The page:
Quality apologies are rare, and even rarer when it comes to adults apologising to children. Some of us might be afraid we will be seen as weak, and not worthy of being taken seriously in future.
But when someone feels wronged or disadvantaged by inappropriate behaviour they need to feel safe in the knowledge that the incident won’t happen again. They require an apology: one that indicates genuine remorse and change in the person’s behaviour.
Though let’s be clear: I’m not suggesting we apologise so that the other person benefits, I’m suggesting it because we benefit. This isn’t a book on ethics, it’s a book on how to build a person and gain resilience.
By taking full responsibility for our actions, by fully acknowledging that what we did was wrong, we significantly increase the likelihood that we won’t make the same mistake again. (Shame has a lot going for it!) As a consequence, we become more competent and more self-assured, and bolder. We start to make better decisions. We earn back the trust and respect of others, too, because they also know we are less likely to make the same mistake again. That strengthens the connections we have with people.
Further, by acknowledging our faults – to ourselves and to others – we can lance the ‘pus ball of shame’ within us and experience relief. Shame has done its job. It can now return to the Dark Forest.
And, having allowed ourselves to experience that vulnerability, we remind ourselves that we can cope with the consequences, so we add to that feeling that whatever happens, we’ll handle it.
That is why having the ability to give a full, considered apology (only when it is due) is a big confidence booster, and a key to resilience and core happiness.
Q. ‘How can I give someone a quality apology?’
Try here: ‘How to give a quality apology‘
and here: ‘How to give a lousy apology‘.
Q. ‘Some people apologise all the time. It ends up not meaning anything.’
Good point. Don’t over-apologise. Especially avoid the habitual ‘sorry’ some people murmur often.
Q. ‘I gave a written apology to my school teacher. How will I know if she accepted my apology?’
You may not come to know. That’s none of your business.
‘Why not? I wrote the letter!’
The recipient of your apology owes you nothing. Your teacher will decide whether or not she has accepted your apology, and whether or not she has forgiven you, and whether or not she tells you of her decision.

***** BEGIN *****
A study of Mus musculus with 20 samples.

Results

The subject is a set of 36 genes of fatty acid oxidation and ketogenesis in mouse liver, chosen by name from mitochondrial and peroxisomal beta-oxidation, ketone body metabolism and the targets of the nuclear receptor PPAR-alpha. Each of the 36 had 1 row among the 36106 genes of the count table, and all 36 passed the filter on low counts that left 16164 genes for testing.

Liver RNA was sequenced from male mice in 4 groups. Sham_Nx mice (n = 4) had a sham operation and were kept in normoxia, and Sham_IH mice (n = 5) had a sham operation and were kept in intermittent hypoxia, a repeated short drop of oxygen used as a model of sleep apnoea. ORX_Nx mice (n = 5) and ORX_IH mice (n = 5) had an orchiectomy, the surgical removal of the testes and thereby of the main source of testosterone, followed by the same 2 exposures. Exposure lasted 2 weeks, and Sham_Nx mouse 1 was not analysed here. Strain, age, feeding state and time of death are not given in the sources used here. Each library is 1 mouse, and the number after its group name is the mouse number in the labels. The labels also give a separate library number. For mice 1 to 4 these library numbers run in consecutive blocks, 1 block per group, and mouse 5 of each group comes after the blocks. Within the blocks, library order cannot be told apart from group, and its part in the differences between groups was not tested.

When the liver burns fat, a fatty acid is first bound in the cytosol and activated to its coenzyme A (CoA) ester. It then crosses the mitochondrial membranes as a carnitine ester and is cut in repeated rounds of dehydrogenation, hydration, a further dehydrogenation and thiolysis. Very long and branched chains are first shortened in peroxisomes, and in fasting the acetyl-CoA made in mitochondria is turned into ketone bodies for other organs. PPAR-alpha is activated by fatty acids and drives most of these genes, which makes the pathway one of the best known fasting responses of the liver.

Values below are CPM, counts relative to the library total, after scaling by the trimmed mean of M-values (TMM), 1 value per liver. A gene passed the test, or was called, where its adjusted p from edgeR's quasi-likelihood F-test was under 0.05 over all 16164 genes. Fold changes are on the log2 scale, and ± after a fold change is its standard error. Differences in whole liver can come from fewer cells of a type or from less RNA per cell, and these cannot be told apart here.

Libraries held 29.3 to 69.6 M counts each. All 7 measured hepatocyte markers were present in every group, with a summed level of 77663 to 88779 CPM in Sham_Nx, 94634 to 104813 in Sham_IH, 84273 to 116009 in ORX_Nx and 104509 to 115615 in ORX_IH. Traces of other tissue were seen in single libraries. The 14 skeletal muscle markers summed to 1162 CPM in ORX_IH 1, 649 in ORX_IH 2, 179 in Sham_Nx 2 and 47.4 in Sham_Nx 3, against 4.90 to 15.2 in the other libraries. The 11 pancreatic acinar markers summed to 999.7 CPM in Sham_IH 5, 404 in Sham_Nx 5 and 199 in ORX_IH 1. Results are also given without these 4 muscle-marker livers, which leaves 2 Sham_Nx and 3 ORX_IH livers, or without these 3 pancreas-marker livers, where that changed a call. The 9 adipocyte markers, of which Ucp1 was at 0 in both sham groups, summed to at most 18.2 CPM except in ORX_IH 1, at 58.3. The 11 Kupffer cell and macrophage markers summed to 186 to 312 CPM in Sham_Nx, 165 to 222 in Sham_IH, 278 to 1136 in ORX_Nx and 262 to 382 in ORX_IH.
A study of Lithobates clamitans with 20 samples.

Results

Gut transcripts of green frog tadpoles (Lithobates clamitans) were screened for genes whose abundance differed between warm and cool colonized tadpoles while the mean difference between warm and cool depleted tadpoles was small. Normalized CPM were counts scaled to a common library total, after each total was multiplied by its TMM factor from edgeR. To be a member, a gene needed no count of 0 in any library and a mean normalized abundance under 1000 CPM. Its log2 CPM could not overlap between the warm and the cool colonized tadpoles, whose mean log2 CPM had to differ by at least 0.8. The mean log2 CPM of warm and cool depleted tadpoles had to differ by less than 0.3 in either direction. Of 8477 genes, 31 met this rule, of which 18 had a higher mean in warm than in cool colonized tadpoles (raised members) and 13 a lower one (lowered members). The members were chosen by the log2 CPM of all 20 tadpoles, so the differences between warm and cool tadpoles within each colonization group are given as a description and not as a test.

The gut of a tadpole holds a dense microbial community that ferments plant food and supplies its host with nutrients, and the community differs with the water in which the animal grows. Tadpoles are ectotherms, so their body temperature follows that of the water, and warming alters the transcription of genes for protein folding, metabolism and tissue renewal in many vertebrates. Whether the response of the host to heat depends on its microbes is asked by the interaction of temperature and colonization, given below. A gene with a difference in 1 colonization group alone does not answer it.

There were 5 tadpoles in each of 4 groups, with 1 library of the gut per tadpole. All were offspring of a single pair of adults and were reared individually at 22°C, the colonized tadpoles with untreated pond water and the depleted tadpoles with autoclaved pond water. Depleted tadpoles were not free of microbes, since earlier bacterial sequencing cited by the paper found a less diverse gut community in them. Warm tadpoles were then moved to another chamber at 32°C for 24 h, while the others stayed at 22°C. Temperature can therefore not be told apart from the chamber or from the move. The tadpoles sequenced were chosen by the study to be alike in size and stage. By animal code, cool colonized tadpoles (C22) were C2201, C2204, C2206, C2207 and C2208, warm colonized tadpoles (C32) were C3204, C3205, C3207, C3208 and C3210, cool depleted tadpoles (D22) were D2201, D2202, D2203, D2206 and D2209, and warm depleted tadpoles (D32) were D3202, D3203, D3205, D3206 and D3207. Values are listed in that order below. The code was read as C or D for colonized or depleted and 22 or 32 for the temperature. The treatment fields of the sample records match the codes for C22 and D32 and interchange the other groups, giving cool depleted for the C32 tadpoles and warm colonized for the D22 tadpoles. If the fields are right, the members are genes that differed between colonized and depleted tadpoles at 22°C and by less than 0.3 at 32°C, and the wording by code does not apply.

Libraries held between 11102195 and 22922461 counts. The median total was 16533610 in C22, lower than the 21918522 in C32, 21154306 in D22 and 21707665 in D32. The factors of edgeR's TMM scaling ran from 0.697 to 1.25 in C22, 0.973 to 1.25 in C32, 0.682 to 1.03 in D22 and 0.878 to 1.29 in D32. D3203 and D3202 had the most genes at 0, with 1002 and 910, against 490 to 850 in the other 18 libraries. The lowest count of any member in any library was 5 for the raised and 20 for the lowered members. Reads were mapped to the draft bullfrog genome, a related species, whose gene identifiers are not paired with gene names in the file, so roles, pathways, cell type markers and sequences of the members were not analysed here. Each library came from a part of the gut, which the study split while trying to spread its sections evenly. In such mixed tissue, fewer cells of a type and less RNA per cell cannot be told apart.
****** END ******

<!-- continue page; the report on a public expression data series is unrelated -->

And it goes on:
The purpose of your apology is to take responsibility for what you have done, and to help your teacher feel better. Its purpose is not to earn her forgiveness. It’s not about you.
‘I don’t benefit?!’
You do. Each time you take responsibility for what you have done you confront your own fallibility, and are reminded that you are not diminished by it. And, coming to terms with your own fallibility will mature you and grow your confidence in a healthy way. With your more cautious self-assuredness you will make better decisions in life.
Q. ‘What if I don’t think I should apologise, but it is expected?’
Go over the incident thoroughly.
(1) Aim to see the incident from the other person’s perspective. What would they be thinking? What would they be feeling? How hurt might they be?
(2) What would you think and how would you feel if that were done to you?
Then, if you still believe you should not apologise, don’t. If you like, politely explain your reasons.
Q. ‘What if the person is still not happy after receiving my apology?’
If your apology is a quality one, and you have done your genuine best to make amends within reason, there is nothing more you can do.
Q. ‘What if the other person is partly at fault?’
The part the other person played is irrelevant to your apology. Apologise for the part you played in the incident. Don’t qualify it by mentioning the part they played. Make that a separate discussion. An apology needs to be uncontaminated.
Q. ‘When can I demand an apology?’
Before you demand an apology ask yourself why you want it. Is it to exercise power over the person because you are in the right?
‘I want to make a stand. I want the person to think twice about doing it again.’
You can demand an apology but you may not get one. That could make you feel worse. Don’t ask for one unless you are sure you can handle not getting one.
If you don’t get one, don’t dwell on the fact.
‘I suppose if I do demand one and get it, it will be lousy and full of resentment.’
Not always. But remember, most people aren’t practised in giving apologies. Usually they try to justify their position, so there is a good chance you will feel worse afterwards.
A better idea is to make sure the person knows they have wronged you. ‘You are unacceptably late and I am inconvenienced‘, or ‘Your remark was cruel.‘ If you can state your case clearly and comfortably, you are sticking up for yourself and that will help you feel better. It can be a better reward than any apology you might receive.
Q. ‘If I throw a cricket ball at the stumps and accidentally break someone’s toe, do I have to give a full apology and intend to change my ways?’
We don’t need to make a full apology when we unintentionally hurt someone, unless it’s by negligence. When we say sorry in such an instance we are not apologising for what we did, we are expressing concern.
‘So, Jill tells me her father just died. If I killed him I give a full apology. If I didn’t kill him I can say sorry to express my concern that she’s suffering.’